Pioneering litigation funder IMF (Australia) Ltd. won a major victory last month when Australia's Federal Court handed down a more than $200 million decision in a class action that IMF backed against Lehman Bros.' local subsidiary.
But this time it wasn't one of the country's two big plaintiffs law firms -- Maurice Blackburn or Slater & Gordon -- that delivered the victory. Midtier corporate firm Piper Alderman argued the IMFfunded case on behalf of 72 municipalities, churches and community organizations that had bought now-worthless Lehman securities.
Piper Alderman, which has 210 lawyers, is also acting for the plaintiff in another pending IMFfunded class action against rating agency Standard & Poor's and Dutch state-owned bank ABN AMRO, also over toxic securities.
In Australia as in the United States, most corporate firms stay away from class actions, for fear of alienating corporate clients, who are frequently the targets of such cases. And partners at Australia's largest firms say unequivocally that their firms will not be involved in bringing class actions. "The bottom line is, we wouldn't do it," says Ross Freeman, a litigation partner with Minter Ellison in Melbourne.
But smaller corporate firms are starting to see things differently. Amanda Banton, the Sydney-based Piper Alderman partner who led the case against Lehman, says she saw it as a chance to work on complex litigation that would add a depth and breadth of experience to Piper Alderman's practice. She adds that the firm has received no negative feedback from existing corporate clients, and she doesn't think new ones will be put off.
"I imagine they would respect us because of the outcome we achieved," she says.
The attraction certainly isn't the kind of massive contingency-fee payday that plaintiffs firms in the U.S. might expect from class actions. In Australia, plaintiffs firms are not allowed to take a percentage of their clients' recoveries; their contingent fees are based on their normal hourly rate and sometimes a modest bonus. Moreover, unsuccessful claimants must pay the costs of the defense. The combination of high risk and low reward is one reason so few firms other than Maurice Blackburn and Slater & Gordon have been willing to step in the plaintiffs ring.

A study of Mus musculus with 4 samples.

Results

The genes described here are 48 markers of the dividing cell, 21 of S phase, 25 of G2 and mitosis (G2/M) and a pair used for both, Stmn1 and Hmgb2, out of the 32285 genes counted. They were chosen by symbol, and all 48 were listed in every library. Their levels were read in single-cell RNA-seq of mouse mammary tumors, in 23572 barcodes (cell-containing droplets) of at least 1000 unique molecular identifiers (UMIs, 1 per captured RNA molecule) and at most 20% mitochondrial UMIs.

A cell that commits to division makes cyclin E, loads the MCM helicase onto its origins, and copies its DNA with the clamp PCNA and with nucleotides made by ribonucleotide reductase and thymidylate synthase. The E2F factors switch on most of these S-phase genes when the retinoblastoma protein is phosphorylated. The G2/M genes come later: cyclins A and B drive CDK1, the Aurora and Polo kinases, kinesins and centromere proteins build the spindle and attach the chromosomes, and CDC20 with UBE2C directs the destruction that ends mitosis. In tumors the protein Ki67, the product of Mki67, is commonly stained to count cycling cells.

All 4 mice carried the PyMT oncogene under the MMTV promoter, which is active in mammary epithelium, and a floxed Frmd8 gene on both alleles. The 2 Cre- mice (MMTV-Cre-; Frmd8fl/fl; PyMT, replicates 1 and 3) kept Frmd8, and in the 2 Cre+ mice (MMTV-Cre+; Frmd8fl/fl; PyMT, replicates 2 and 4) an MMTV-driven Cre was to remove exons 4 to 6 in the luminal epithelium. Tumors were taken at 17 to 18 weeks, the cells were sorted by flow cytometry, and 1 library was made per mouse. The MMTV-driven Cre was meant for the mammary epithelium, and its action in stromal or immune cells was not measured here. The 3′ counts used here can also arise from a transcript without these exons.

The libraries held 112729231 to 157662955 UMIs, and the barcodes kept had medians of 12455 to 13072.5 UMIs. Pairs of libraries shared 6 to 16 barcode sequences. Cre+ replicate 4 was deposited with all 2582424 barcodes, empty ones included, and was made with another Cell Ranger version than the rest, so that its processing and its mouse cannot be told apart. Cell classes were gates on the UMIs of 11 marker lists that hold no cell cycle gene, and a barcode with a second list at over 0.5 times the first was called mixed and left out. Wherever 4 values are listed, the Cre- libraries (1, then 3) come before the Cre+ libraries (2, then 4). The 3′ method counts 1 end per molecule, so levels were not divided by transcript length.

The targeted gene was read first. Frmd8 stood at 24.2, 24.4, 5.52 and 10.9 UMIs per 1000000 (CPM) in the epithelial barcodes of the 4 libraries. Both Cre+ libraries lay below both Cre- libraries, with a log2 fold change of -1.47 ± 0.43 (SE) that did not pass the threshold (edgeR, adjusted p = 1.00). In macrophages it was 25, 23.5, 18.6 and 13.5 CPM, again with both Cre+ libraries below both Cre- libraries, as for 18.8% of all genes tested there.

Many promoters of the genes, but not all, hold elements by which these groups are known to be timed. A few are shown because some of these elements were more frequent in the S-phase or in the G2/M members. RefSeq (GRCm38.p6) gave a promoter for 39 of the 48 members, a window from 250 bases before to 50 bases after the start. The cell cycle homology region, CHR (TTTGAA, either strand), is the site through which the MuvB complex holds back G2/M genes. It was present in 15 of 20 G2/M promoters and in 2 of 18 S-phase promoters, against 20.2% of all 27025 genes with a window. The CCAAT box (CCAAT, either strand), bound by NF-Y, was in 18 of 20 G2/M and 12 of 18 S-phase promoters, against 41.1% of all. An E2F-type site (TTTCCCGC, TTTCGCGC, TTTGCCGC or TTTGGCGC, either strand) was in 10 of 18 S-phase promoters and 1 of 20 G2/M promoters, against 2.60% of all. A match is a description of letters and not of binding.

Litigation funders like IMF have changed the game somewhat, though. Unlike the lawyers, the funders can contract with the plaintiffs to take a percentage of a settlement. With that much greater financial reward in prospect, funders take the risk of non-recovery away from the lawyers, who are paid their normal fees, win or lose.
IMF has most frequently worked with Maurice Blackburn and Slater & Gordon in class actions. But the fallout from the 2008 global financial crisis has created a number of opportunities for the funder to work with firms that might have been more likely to appear on the other side.
"Where you have a case involving synthetic derivatives, you need lawyers who understand them," says IMF executive director John Walker, explaining his firm's decision to work with Piper Alderman in the Lehman case. The plaintiffs in that case claimed that Lehman sold them synthetic collateralized debt obligations, without informing them of the risks involved. Those SCDOs plummeted in value when the global financial crisis hit. After a trial in March 2011, Justice Steven Rares rendered a decision late last month. He called Lehman's conduct "misleading and deceptive" and ordered the bank to repay the group's losses.